I just discovered something amazing that I’d done several years ago. (Don’t worry: I’m not bragging!)
I was revising a 2010 post from my blog about police reports. See if you notice anything about this paragraph:
Let’s use an everyday example that might make the rule more clear. You can’t be the worst child in your family unless your parents had at least three children. If there are only two children, you’re the worse child. (Or, hopefully, the better one!) Best, worst, most, and so on require three or more people or things.
OK, here it is. “Or, hopefully, the better one” is a controversial way to use hopefully, which is supposed to mean “in a hopeful manner.”
Here’s the correct way to use hopefully:
Margaret looked hopefully at the door. CORRECT
For some reason I’m proud of that not-quite-kosher “hopefully” sentence on my blog. (It’s still there, by the way – I liked it, and I’m not taking it down.)
Let me explain. I am hyper-aware of language. I know the rules. I automatically run everything I say and write through the usage-checking software in my brain. Of course I’m casual about language much of the time – but I always know what I’m doing.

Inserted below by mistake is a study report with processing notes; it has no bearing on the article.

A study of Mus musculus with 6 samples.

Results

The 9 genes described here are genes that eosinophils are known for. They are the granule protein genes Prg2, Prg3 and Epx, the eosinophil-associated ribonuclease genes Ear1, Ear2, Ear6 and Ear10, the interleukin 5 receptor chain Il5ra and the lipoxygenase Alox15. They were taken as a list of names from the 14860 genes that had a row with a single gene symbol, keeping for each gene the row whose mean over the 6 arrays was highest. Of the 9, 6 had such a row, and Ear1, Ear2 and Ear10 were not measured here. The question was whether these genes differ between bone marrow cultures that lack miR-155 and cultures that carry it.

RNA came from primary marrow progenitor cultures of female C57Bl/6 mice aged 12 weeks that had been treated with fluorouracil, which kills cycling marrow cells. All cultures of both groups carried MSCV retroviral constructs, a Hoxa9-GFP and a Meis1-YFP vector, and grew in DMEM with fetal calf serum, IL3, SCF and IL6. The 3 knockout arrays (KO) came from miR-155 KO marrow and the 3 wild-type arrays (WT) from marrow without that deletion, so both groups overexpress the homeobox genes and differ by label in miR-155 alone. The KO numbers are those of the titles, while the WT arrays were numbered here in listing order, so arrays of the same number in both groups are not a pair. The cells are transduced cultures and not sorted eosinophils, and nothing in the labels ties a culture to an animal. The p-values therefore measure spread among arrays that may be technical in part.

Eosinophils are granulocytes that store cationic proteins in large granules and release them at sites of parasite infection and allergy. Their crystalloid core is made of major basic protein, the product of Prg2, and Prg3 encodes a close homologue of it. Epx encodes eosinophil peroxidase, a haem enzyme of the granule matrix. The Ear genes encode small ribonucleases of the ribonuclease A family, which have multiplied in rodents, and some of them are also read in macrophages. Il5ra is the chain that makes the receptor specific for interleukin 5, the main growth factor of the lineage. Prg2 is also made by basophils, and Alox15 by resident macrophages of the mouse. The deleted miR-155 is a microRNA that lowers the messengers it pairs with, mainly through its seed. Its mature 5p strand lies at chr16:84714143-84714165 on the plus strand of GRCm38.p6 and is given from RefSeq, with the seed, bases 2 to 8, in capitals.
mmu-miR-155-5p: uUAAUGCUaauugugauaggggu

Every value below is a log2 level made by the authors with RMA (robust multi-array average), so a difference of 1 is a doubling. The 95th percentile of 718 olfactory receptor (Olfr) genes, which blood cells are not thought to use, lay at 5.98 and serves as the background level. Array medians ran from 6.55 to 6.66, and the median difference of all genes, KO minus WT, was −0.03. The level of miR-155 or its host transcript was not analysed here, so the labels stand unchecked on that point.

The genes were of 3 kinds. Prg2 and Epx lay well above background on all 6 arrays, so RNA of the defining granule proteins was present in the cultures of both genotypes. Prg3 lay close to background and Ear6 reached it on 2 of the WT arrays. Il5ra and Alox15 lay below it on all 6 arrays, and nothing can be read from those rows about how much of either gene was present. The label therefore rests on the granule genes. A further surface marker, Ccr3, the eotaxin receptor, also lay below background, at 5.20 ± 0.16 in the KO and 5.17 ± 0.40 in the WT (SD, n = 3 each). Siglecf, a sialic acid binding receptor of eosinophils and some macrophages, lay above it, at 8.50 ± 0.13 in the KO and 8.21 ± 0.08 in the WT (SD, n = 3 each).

Or that’s what I thought.
But now I have evidence that I didn’t notice I was using hopefully in a not-so-accepted way – and on a professional blog. Geez. I didn’t think I had it in me.
I’m going to start wearing a cap that says “I’m a human being!”
(By the way, I’m not alone in this. Mary Norris – author of the wonderful Confessions of a Comma Queen – does not approve of the singular they. But she used it herself in the same book where she denounces it: “Nobody wanted to think they were not essential.” Hey, Mary – you’re human too!)